President Trump will hold a second summit with North Korean leader Kim Jong-un on Feb. 27 and 28 in Vietnam, the president announced Tuesday night.
During his State of the Union address, Mr. Trump said his administration has made great progress in nuclear negotiations with the reclusive state and said a second meeting offers a chance to move forward toward a lasting denuclearization agreement.
“Much work remains to be done, but my relationship with Kim Jong-un is a good one. And Chairman Kim and I will meet again on February 27 and 28 in Vietnam,” the president said.
Mr. Trump first met with Mr. Kim last summer in Singapore in a historic meeting that the White House cast as a pivotal moment in the relationship between the two nations.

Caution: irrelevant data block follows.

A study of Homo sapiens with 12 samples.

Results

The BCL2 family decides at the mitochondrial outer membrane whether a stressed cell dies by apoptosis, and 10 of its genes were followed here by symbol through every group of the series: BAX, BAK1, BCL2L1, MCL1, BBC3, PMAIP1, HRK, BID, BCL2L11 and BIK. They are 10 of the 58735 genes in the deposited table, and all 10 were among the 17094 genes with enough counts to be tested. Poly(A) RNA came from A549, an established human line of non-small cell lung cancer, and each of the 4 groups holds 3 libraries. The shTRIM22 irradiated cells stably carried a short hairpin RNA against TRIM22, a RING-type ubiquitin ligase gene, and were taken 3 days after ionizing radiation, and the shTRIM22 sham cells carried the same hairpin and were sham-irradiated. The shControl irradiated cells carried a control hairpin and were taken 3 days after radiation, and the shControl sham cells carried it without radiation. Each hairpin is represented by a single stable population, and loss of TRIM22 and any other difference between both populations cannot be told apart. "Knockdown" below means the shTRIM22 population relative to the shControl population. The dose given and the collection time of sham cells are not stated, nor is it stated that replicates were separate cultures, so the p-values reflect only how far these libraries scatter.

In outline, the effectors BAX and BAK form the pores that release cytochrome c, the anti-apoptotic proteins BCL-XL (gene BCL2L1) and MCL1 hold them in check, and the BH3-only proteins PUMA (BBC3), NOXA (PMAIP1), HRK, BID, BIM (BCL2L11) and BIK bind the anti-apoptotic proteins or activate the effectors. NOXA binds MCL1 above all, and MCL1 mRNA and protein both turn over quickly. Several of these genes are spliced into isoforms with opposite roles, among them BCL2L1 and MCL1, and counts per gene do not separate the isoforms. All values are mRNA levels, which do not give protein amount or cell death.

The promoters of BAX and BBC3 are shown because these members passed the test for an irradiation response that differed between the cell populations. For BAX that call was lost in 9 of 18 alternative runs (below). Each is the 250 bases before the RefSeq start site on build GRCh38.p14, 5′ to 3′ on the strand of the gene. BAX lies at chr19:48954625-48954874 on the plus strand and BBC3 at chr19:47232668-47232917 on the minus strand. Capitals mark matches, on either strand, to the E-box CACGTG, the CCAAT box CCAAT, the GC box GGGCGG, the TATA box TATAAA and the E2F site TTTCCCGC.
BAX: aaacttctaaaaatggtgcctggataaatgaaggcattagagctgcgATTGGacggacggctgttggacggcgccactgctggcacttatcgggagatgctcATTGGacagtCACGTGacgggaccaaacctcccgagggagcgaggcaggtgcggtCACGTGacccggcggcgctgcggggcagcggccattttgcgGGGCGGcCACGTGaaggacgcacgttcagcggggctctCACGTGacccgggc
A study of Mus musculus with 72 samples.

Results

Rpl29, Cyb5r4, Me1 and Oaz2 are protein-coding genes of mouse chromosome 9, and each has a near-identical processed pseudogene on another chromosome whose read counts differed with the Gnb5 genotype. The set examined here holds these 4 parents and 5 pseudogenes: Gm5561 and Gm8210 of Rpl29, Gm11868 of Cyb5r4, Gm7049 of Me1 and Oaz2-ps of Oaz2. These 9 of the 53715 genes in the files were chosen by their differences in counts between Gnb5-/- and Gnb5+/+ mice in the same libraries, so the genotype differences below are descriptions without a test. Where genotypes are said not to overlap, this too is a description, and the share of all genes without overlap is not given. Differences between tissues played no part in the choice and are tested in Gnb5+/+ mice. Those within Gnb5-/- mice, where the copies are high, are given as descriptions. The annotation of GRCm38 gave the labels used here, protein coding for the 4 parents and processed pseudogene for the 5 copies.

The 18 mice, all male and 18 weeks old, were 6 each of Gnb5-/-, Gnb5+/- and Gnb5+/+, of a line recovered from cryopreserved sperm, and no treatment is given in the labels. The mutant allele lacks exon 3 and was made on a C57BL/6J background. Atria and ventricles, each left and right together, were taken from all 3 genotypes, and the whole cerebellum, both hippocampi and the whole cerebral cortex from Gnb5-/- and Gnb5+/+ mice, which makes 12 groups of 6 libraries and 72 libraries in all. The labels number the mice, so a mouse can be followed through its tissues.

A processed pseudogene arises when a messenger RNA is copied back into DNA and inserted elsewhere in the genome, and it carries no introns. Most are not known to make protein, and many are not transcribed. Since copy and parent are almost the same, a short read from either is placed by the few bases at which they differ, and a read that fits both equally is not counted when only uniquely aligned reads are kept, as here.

The announcement of a second summit comes as top U.S. and North Korean officials negotiate behind the scenes toward a deal. While Mr. Trump has claimed great progress — he claimed in the immediate aftermath of the first meeting with Mr. Kim that North Korea was no longer a nuclear threat — regional analysts and international watchdogs have said Pyongyang has done little to actually dismantle its nuclear weapons program.
United Nations experts on Tuesday, for example, said that North Korea’s nuclear and missile programs “remain intact,” with Pyongyang recently dispersing aspects of them to prevent “decapitation” strikes.
In his State of the Union address, the president cast himself as a successful negotiator who not only has put North Korea on the path toward denuclearization but also has kept the U.S. out of another war.
“If I had not been elected President of the United States, we would right now, in my opinion, be in a major war with North Korea with potentially millions of people killed,” he said.